Maxx
08-26-2010, 04:45 PM
A recent thread in the comparative religions subforum started me thinking about what might be interesting about the latest cycle of apocalyptic expectation. In the OP for the thread in the other subforum, a fellow named Mckenna is cited. One possibly interesting (from the point of view of language and culture) aspect of McKenna's eschatology is the idea that the signs of the apocalypse (which in McKenna's view might be a good thing as in "are you a good witch or a bad witch") are travelling backward in time from the big event. From the point of view of pop culture this is intriguing. First of all, why is travelling backward in time supposed to be a convincing thing for signs to do? Second, if this reversed time authority of prophetic utterances is supposed to be convincing, what does it say about possible changes in pop culture, ie changes in cultural perception that both require an apocalyptic explanation and involve a reversal in the temporal flow of prophetic signs?

Ruv Draba
09-06-2010, 03:11 PM
Beats me, Maxx.. As information travels over distance and time it attenuates. Consequently you'd expect that any messages from the future would be clear, specific and frequent from the near future, faint, vague and infrequent from the far future. But we see none of that. It seems to me just an idle, half-baked notion.

As to why our culture might consider that argument more persuasive today than twenty years ago... I wonder whether it's cyclic. Prophecy stories have been with us for millennia. If we include time cycles, time travel stories date from at least the Jainish version of the Mahabharata, 3-4BCE. What's passť to one generation can become novel again to another. Or are we worried about our futures? Are choices on carbon emissions bothering us? Do we perhaps wish we had some unequivocal wisdom from wiser future selves?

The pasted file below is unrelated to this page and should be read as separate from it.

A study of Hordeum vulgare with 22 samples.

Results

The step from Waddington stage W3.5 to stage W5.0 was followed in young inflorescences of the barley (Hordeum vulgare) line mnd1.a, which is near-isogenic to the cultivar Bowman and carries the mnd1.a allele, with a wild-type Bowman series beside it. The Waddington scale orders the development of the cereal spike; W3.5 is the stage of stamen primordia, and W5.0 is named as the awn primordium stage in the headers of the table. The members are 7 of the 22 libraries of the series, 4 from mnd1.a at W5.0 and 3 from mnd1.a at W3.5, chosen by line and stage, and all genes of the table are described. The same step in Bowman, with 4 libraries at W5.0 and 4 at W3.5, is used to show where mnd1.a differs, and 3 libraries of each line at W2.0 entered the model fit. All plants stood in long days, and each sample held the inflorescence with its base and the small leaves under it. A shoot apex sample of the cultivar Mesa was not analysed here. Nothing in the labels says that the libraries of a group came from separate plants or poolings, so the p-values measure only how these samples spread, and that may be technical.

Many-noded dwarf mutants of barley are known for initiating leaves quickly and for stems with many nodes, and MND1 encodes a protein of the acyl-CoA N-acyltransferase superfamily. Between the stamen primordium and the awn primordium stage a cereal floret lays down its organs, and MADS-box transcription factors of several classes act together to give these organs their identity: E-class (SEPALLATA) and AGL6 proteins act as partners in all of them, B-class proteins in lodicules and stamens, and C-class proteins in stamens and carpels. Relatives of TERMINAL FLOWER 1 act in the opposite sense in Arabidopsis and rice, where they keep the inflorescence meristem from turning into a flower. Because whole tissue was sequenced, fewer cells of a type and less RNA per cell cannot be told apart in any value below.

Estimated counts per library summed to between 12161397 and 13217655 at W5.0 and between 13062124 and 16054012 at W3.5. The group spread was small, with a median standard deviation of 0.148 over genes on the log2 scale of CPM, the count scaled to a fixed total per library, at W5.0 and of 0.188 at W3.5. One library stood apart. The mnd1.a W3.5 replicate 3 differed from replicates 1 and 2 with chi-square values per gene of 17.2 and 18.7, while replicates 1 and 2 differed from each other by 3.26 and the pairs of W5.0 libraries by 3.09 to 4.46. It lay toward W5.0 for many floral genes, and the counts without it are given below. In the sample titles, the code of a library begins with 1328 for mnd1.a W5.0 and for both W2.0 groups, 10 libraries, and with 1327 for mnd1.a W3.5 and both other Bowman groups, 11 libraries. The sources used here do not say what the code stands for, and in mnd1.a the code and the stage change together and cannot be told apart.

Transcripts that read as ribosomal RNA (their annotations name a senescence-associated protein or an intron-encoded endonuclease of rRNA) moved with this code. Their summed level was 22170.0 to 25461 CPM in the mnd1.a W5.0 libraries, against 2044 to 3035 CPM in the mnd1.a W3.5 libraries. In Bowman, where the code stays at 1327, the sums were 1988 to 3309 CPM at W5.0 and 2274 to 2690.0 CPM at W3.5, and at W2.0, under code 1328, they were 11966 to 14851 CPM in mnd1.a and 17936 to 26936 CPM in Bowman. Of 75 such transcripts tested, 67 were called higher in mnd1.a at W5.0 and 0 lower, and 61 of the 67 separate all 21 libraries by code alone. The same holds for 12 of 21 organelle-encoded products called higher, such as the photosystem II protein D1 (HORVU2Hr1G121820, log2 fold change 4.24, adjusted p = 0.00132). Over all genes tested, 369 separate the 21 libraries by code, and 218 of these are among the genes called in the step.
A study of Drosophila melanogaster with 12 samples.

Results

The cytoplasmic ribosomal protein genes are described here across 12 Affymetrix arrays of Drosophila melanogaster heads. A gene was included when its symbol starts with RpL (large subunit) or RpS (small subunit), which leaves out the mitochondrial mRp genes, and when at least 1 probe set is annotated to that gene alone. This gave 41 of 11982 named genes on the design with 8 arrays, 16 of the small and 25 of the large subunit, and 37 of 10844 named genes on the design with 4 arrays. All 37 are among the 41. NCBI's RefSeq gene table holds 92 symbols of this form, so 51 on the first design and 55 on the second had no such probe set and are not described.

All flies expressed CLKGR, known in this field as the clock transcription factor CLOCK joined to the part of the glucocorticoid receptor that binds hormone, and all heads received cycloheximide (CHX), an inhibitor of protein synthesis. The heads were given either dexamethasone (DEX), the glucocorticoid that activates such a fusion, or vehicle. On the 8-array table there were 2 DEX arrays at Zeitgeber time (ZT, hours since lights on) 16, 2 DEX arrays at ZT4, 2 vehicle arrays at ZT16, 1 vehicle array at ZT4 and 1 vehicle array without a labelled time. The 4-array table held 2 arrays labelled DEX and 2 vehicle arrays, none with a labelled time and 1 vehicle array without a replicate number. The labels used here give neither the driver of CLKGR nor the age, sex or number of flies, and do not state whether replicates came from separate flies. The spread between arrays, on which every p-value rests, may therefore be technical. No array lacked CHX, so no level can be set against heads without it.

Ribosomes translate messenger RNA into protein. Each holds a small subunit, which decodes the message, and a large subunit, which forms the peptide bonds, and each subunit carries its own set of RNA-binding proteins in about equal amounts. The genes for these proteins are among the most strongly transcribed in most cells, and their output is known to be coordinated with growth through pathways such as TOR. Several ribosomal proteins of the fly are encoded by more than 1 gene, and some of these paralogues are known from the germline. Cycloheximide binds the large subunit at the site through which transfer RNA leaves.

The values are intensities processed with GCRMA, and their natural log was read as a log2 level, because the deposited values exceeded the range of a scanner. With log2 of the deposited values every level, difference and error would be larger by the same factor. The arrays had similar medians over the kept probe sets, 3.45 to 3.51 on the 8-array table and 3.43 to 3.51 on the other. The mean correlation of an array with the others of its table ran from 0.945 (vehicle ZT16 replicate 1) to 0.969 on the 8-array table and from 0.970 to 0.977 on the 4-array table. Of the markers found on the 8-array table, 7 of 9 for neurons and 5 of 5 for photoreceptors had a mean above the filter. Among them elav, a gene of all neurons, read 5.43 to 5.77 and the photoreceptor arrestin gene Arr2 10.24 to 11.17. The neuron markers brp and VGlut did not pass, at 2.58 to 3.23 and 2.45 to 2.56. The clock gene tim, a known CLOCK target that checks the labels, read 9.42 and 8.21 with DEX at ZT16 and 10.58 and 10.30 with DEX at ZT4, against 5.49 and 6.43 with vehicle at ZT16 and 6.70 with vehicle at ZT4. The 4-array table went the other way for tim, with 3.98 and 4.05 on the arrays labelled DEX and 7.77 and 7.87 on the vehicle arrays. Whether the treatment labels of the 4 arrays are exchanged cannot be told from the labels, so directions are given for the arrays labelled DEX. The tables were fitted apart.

Xelebes
09-06-2010, 10:24 PM
Temporal lobe epilepsy is gaining ground as a hypothesis for explaining prophesy.

Maxx
09-07-2010, 05:07 PM
Beats me, Maxx.. As information travels over distance and time it attenuates. Consequently you'd expect that any messages from the future would be clear, specific and frequent from the near future, faint, vague and infrequent from the far future. But we see none of that. It seems to me just an idle, half-baked notion.

As to why our culture might consider that argument more persuasive today than twenty years ago... I wonder whether it's cyclic. Prophecy stories have been with us for millennia. If we include time cycles, time travel stories date from at least the Jainish version of the Mahabharata, 3-4BCE. What's passť to one generation can become novel again to another. Or are we worried about our futures? Are choices on carbon emissions bothering us? Do we perhaps wish we had some unequivocal wisdom from wiser future selves?


I was thinking about the specific imagery that McKenna appropriates from the fringes of pseudo-science. One of the possibly interesting things about the fringes of pseudo-science as sets of popular images that are both plausible somehow and completely vague is that for a long time they built on images from atomic physics as it was before 1930 whenever a pseudophysics was required. So you always had "Uncertainty" and "electrons" but you never had "Strong force" or "weak force" or any field theories. McKenna's "traveling backward in time" sounds like borrowing from early 1940s ideas of positrons vs electrons so that would be a 10-20 year leap forward for pop ideas of pseudo-science.
Similarly the gigantic wonderful event that McKenna postulates would be the acceptance by the self-help centers of the popular mind of the unexpected results of WWII which must have strained the credulity of the deep self-help centers of the popular mind by showing a case in which a highly regimented set of physical fitness and mental purity cults were defeated by flabby, bohemian hedonists full of mentally lax ideas. The archetypal precursor to this massive shift in deep popular images would be the confrontation between Fascist Biff and bohemian McFly Senior in the first episode of Back to the Future -- which also involved the rhetoric of time reversal.